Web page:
For women in Congress, it's lonely at the top

  • Article by: Melinda Henneberger , Washington Post
  • Updated: June 13, 2012 - 1:26 PM

Women have more competition in elections than their male counterparts do, and they have to fight harder and raise more money to stay in office.


Tougher yet for women with the name Bachmann or Pelosi.


Another appropriate headline might be, "Better to keep your mouth shut and be thought stupid than to open your mouth and end all doubts."


If women want more women candidates and by extension more representation in congress then women need to stand up and put themselves forth as candidates. I have frequently heard female friends and family lament the lack of female representation but when asked if they would put themselves forward as a candidate they have all said no. When asked if they would actively organize for a candidate most have also said no. So I say to all the strong confident women here that if you want more women as candidates the answer starts with you. If you present a compelling platform and campaign that I agree with I'll gladly vote for you. But, I will never vote for you if you don't run for office.


The anger the GOP has for the other side seems to foment even more when they face a candidate who is female, African-American, or Muslim, like Keith Ellison, from district 5. Even a moderate female senator such as Amy Klobuchar, who works tirelessly across bipartisan lines for the good of the people, can become a "lightning rod" in the eyes of a GOP. Republicans are doubly threatened when facing a candidate with a diverse background. Even when one of their own, like Michelle Bachmann, rises to prominence, she is celebrated more for her looks than her speaking engagements with Fox News. Don't believe me? Recently the Minnesota GOP even released an advertisement that played the song "Who Let the Dawgs Out" poking fun at the looks of DFL women. It's sad when politics are reduced to gender, race, religion, or matters of looks, but when you are Republicans playing to an ever-shrinking base of white males, you get attention where you can.


@spitze- yes, true, any individual woman might not have the desire to run for office (not all men do, either), or the time or endure the lack of privacy and attacks. However, there ARE many women organizers and groups actively working to get more women candidates: Women Winning and Emily's List are two off the top of my head. They are both left-leaning, but surely there are some conservative women's group as well. Both have the National Federation of (Republican or Democratic) Women. But they need men to vote for them, too, and certain places won't, according to the article.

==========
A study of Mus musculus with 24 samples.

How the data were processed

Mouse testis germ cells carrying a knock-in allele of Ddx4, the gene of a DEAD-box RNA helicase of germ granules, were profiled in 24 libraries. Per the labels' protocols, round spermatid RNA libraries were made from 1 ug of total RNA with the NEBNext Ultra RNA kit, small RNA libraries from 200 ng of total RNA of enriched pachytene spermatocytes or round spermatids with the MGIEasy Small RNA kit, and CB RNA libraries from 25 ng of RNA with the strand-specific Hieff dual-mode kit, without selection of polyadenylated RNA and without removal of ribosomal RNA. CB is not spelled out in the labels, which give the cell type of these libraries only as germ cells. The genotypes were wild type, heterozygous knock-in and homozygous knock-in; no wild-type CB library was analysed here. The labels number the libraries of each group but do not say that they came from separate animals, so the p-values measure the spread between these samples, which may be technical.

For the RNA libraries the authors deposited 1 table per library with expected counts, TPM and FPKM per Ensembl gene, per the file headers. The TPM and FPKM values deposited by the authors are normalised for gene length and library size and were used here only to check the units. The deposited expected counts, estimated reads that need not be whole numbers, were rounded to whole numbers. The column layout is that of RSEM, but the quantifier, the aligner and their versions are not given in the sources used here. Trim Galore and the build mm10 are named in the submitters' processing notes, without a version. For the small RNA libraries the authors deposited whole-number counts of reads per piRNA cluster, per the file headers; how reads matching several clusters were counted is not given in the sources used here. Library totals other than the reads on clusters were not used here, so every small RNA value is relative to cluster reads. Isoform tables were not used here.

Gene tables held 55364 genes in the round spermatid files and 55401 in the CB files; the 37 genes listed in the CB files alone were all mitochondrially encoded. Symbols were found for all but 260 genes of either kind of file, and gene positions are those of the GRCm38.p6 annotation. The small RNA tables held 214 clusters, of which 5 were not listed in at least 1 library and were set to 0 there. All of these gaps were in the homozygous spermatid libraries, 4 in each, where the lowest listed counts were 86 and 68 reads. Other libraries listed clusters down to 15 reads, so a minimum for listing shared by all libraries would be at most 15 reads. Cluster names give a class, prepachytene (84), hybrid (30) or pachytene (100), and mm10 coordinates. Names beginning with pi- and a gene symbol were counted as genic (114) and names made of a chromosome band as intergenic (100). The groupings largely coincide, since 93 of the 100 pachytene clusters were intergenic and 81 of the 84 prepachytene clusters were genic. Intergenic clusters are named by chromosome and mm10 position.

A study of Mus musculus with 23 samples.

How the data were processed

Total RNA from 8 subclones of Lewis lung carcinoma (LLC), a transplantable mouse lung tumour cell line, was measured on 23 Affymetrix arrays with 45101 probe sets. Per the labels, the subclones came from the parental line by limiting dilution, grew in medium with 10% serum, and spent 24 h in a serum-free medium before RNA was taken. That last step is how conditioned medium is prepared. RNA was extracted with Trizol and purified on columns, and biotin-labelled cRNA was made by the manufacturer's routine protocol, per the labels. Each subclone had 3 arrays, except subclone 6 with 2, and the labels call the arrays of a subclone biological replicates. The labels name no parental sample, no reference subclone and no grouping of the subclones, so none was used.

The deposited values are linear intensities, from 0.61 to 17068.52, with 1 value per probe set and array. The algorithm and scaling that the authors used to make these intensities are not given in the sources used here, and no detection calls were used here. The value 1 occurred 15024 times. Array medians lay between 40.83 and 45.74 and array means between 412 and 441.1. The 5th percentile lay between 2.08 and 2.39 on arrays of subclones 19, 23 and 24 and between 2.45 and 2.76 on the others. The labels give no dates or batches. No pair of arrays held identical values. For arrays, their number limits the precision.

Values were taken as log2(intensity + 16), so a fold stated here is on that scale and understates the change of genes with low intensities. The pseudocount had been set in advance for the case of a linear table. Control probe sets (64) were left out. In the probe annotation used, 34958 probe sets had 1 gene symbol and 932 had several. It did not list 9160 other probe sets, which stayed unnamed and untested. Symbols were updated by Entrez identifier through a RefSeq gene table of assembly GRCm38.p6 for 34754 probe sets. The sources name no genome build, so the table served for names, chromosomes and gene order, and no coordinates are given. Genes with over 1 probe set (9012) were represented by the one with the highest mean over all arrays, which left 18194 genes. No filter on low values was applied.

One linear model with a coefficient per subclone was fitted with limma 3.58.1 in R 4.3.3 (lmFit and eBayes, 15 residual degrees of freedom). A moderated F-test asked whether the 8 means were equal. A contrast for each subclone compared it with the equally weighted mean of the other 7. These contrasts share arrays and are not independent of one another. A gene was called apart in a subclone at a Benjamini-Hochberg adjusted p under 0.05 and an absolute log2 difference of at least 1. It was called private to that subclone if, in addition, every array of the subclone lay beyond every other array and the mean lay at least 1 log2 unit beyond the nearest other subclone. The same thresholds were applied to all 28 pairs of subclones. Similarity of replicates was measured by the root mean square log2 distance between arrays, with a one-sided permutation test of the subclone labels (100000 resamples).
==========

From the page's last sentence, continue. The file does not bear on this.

ziggym, but that has to apply to all levels of government. The only way you find good candidates for congress is to get a lot of candidates in the lower offices to see which have the stamina and organizing ability to run for higher office. I take the complaints by women with a grain of salt when I see dozens of elections with no opposition candidates. Those are opportunities for women politicians.


Also...I could care less what color, sex, creed, religion, etc. you are, if I don't agree with what you represent, I'm going to come after you. If I agree with you, I will support you.


@FrankL- I agree! I thought of Women Winning and Emily's List because I only know of them locally- working in MN specifically to elect women candidates and supporting current elected women in their re-election bids. Women Winning is specific to MN, only in MN, and the one I know the best. Emily's List is national but have local chapters in each state. I don't know much about the national federations. Our own legislature hovers just over 30% women, but when Repubs took over 2 years ago women lost overall seats in both the House & Senate.


As an independent, I vote for the person I feel is best for the office. I don't care what race, gender, ethnicity, whatever. When I look at the opportunities available to me over the years, the lack of experience (even after years in Congress) and the partisan politics have caused me to vote against the women. People like Michele Bachmann, Betty McCollum, and, yes, Amy Klobuchar do not impress me with their abilities to represent me and the others in the districts and state. However, it seems that Dems hate when women rise in the ranks. They have been overly ruthless with Bachmann, Palin, and Clinton. Yet, they vote the most inexperienced, partisan president into office in 2008.


Well, the "leadership" of Nancy Pelosi will set the women's movement back decades unless a star suddenly rises in either party. I cant think of a single leader in either major party, except Hoover, who presided over a bigger downfall than Ms Pelosi. The 40% decline in family wealth, exactly matching her 2007-2010 tenure, was just the proverbial icing on the cake. Two war surges funded, 5 million total jobs lost, over 5 Trillion in new debt, gas up a buck, etc etc is really a run of incompetence that is rarely seen.